Technology

VR Tech: Why Does It Still Feel Clunky?

Let’s be honest for a moment. Virtual Reality was the next big thing almost a decade ago, and brands like Oculus Rift or Quest 2 promised us that putting a headset on our skull would be the future of gaming.

While VR technology still enjoys wide success, with more than 7 million units sold in 2022, there is still something that keeps VR from becoming a worldwide standard for gaming. At first, it might be the headset’s price, ranging from $299 to $1,000 or the availability of games.

We concluded that VR doesn’t feel like reality quite yet, and that users can be prone to various issues like motion sickness. This problem is entirely due to the brain’s activity, and neuroscience can explain better than anyone else how VR is limited.

While there is room for improvement, VR Technology thrives, but not always in the gaming field. Will it be a tool that everyone will use soon? Video game apps and workplaces already use it, which should get even more significant in the next few years.

In many cases, games preempt VR tech, boasting how ready they are for it. For instance, while online casino operators are famed for offering games like the deal or no deal slot, within their game catalogues are live casino games. What this offers is gamers the chance to be organised and dealt by live dealers, resembling that of a land-based casino. And this is the key. The idea is that the online casino experience is more immersive in these games, that the live dealer treats you as if you are at the table. It’s easy to see how this plays into VR’s hands.


It is all a matter of milliseconds, science says. If you’ve ever experienced Virtual reality, you know that it can’t be an intense and immersive experience but also causes motion sickness.

The latency between your eyes is moving and the software processing your move can cause your brain to feel overwhelmed after watching VR. Some people are very prone to it, and some won’t have any issues after hours of gaming.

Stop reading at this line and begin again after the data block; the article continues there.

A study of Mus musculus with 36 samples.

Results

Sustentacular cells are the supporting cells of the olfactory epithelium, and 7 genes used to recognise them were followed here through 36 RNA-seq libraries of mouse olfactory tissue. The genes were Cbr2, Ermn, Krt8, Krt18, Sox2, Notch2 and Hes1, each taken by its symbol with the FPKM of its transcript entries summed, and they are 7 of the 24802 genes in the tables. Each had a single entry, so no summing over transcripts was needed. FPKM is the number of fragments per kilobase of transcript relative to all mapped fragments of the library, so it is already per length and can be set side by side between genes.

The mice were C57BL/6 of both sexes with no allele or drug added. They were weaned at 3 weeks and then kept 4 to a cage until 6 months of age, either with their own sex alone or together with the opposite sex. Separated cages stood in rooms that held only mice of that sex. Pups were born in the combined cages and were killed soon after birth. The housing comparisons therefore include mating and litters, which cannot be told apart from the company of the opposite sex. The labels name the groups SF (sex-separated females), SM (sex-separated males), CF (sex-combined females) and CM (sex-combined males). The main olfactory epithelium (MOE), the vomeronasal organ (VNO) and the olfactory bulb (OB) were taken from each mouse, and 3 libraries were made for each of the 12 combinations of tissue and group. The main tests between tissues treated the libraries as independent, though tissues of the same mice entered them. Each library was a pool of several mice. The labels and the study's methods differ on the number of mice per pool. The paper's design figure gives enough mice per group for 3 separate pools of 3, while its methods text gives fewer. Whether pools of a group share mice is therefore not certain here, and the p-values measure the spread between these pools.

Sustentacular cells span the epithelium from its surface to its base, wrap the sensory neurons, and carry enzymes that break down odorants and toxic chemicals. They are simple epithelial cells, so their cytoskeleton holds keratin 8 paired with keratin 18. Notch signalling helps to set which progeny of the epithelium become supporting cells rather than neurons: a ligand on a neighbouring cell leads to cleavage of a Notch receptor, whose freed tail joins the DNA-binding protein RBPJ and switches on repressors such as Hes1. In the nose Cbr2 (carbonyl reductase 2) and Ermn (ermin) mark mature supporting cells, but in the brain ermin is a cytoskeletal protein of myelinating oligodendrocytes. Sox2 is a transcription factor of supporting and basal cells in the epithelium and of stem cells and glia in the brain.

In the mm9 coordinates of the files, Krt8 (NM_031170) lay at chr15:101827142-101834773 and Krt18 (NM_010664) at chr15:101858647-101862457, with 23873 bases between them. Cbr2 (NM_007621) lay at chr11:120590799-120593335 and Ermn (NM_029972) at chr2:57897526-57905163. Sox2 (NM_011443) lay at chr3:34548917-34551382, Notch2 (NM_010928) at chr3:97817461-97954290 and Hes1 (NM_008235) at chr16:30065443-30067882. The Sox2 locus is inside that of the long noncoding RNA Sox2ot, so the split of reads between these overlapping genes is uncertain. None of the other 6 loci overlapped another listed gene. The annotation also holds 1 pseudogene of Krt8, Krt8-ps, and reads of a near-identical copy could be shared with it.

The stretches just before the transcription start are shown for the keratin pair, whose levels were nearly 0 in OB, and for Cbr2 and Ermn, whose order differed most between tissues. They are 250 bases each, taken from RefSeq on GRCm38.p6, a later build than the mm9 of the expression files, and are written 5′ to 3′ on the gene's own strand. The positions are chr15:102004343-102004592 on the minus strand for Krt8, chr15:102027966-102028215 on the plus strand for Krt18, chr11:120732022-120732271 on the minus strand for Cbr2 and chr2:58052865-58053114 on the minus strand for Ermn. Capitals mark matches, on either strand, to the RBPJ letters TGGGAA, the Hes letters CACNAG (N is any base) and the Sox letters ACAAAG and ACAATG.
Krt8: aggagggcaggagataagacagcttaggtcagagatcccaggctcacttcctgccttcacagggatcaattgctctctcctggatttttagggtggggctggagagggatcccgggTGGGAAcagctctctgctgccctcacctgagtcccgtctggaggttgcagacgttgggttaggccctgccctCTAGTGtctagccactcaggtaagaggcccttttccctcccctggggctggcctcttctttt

The bad news is that technology can’t replicate the human brain’s quickness, but the good news is that the gap is getting smaller every year. As we said earlier, it is a matter of milliseconds, and software has a hard time reducing that gap between what the eye perceives and what the software processes.

A Limiting Experience, Sometimes

Virtual reality has yet to convince the masses because several limitations make it less immersive. Gaming with wireless joysticks can be uncomfortable. Some of us can feel repelled by the clumsiness.

Some games are impressive, but it doesn’t feel real if it takes about half a minute to get a gun from its holster. Gaming with a regular controller feels more natural for beginners. People with disabilities will also feel deprived if they can’t move their heads and limbs properly.


Now that we mentioned the apparent shortcomings of VR technology, some experiences are worth putting a headset on. Games like Resident 4, Alien Isolation or Half-Life Alyx are life-changing VR experiences.

Other software offers less intense but enjoyable experiences, such as board games like Catan. Also, good gaming is certainly not always a matter of realism, and some clunkiness in the controls doesn’t always put the player off.

Is Virtual Reality Going To Invade Our Lives?

Let’s remember that Virtual Reality dates from the early nineties. At the time, putting on a headset was a pixelated experience followed by nausea. Nowadays, VR tech has made so much progress, not only in the gaming field.

The booming of the VR industry is partially due to its workplace uses, where employees can learn to use machinery with a VR headset. This practice is getting bigger every day, and many employees are satisfied with the added value of this form of training.

The metaverse, a term popularized by Facebook CEO Mark Zuckerberg, will also be a big thing in the decade. The ability to interact in a virtual world with real people hasn’t entirely made its way into the mainstream. When it does, Virtual Reality will let us attend shows, participate in reunions and even get married with a headset.